Record Type: RIE
Publication Date: 1999
Pages: 9
Abstractor: N/A
Reference Count: N/A
ISBN: N/A
ISSN: N/A
New Directions in the Evaluation of the Effectiveness of Educational Technology.
Heinecke, Walter F.; Blasi, Laura; Milman, Natalie; Washington, Lisa
The Secretary's conference on evaluating the effectiveness of educational technology highlighted new and emerging data on technology effectiveness in primary and secondary education reflected in the latest research and promising practices. The intent was to influence the way educators, teachers, and policy makers evaluate and assess the growing investment in technology and to provide schools with tools and strategies for effective evaluation. This paper aims to inform the discussion by examining recent changes in evaluation theory and practices, and by clarifying some definitions of evaluation, technology and student learning. The paper highlights instances of promising practices and concludes with a list of recommendations concerning the evaluation of the effectiveness of technology in teaching and learning. These recommendations include the following. A more formative approach to the evaluation of technology is needed because of the rate of change in technologies. In order to get at the complexities of these processes, multiple measures (quantitative and qualitative) should be used. Evaluation design should incorporate longitudinal studies of cohorts of students over several years. In addition, evaluation designs should rely less on participants' self-reported attitudes and more on observations of participants' actions within learning contexts. Future evaluations should not focus on simple outcomes measures such as posttests, but should also focus on complex metrics describing the learning process, such as cognitive modeling. Implementation evaluations should be conducted prior to outcomes evaluations. Focus should be on description of the program, treatment or technological innovation, and stronger descriptions of how the technological innovation is configured should be developed. The complexity of educational technology should be recognized. (AEF)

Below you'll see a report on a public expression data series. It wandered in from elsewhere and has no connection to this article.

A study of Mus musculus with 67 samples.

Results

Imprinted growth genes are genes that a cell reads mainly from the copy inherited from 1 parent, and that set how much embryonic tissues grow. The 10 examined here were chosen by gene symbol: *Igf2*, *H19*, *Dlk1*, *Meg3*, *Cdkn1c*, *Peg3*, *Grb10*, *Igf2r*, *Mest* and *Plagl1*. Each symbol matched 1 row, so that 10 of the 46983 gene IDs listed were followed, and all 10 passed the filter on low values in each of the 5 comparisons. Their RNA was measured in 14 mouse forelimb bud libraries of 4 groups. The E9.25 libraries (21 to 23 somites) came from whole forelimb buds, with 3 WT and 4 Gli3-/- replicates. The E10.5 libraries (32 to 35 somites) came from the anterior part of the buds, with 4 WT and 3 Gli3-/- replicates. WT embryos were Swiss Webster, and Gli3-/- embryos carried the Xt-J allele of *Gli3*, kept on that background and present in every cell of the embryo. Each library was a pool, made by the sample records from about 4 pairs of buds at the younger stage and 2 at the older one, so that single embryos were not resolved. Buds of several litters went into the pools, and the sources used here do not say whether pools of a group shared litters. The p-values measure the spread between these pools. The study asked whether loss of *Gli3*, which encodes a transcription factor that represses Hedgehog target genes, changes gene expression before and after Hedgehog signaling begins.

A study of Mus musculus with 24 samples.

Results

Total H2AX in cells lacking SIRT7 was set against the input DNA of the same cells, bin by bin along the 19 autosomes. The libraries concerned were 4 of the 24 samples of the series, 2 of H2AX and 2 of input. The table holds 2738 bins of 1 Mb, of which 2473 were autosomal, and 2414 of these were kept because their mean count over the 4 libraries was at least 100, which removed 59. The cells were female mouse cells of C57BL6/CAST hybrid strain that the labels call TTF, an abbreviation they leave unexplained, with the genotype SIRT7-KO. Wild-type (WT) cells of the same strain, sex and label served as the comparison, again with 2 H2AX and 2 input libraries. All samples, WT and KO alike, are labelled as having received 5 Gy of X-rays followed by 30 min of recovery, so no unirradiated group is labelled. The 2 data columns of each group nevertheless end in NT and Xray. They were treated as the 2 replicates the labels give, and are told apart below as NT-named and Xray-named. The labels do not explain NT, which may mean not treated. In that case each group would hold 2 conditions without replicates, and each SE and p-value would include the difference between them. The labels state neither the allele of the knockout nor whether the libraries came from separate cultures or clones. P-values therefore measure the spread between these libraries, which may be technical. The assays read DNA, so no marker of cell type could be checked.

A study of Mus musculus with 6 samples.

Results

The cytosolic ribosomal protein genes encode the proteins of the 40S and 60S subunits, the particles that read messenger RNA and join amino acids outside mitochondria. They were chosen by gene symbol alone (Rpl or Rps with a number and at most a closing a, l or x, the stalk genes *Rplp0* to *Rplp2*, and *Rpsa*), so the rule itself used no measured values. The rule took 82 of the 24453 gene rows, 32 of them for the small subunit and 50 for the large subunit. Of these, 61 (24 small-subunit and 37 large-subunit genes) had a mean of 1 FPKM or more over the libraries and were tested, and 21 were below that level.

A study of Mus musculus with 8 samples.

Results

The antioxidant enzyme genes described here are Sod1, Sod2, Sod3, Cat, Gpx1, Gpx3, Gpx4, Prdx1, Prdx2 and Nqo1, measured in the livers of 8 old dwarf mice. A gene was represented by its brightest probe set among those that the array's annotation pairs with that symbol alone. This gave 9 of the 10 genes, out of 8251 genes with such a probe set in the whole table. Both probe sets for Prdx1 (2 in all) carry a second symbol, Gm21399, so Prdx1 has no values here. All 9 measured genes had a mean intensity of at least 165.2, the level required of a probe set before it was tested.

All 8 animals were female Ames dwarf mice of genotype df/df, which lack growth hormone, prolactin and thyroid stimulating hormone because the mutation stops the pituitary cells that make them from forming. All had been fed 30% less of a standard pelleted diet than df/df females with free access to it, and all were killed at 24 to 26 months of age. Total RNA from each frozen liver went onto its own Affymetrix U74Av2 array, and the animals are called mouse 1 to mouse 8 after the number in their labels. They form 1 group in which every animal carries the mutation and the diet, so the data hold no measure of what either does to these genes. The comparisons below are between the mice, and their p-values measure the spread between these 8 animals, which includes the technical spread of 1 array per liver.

For full text: http://www.ed.gov/technology/1999/whitepapers.
Publication Type: Reports - Evaluative; Speeches/Meeting Papers
Education Level: N/A
Audience: N/A
Language: English
Sponsor: N/A
Authoring Institution: N/A
Note: In: The Secretary's Conference on Educational Technology, 1999: Evaluating the Effectiveness of Technology. [Proceedings] (Washington, D.C., July 12-13, 1999); see IR 020 654.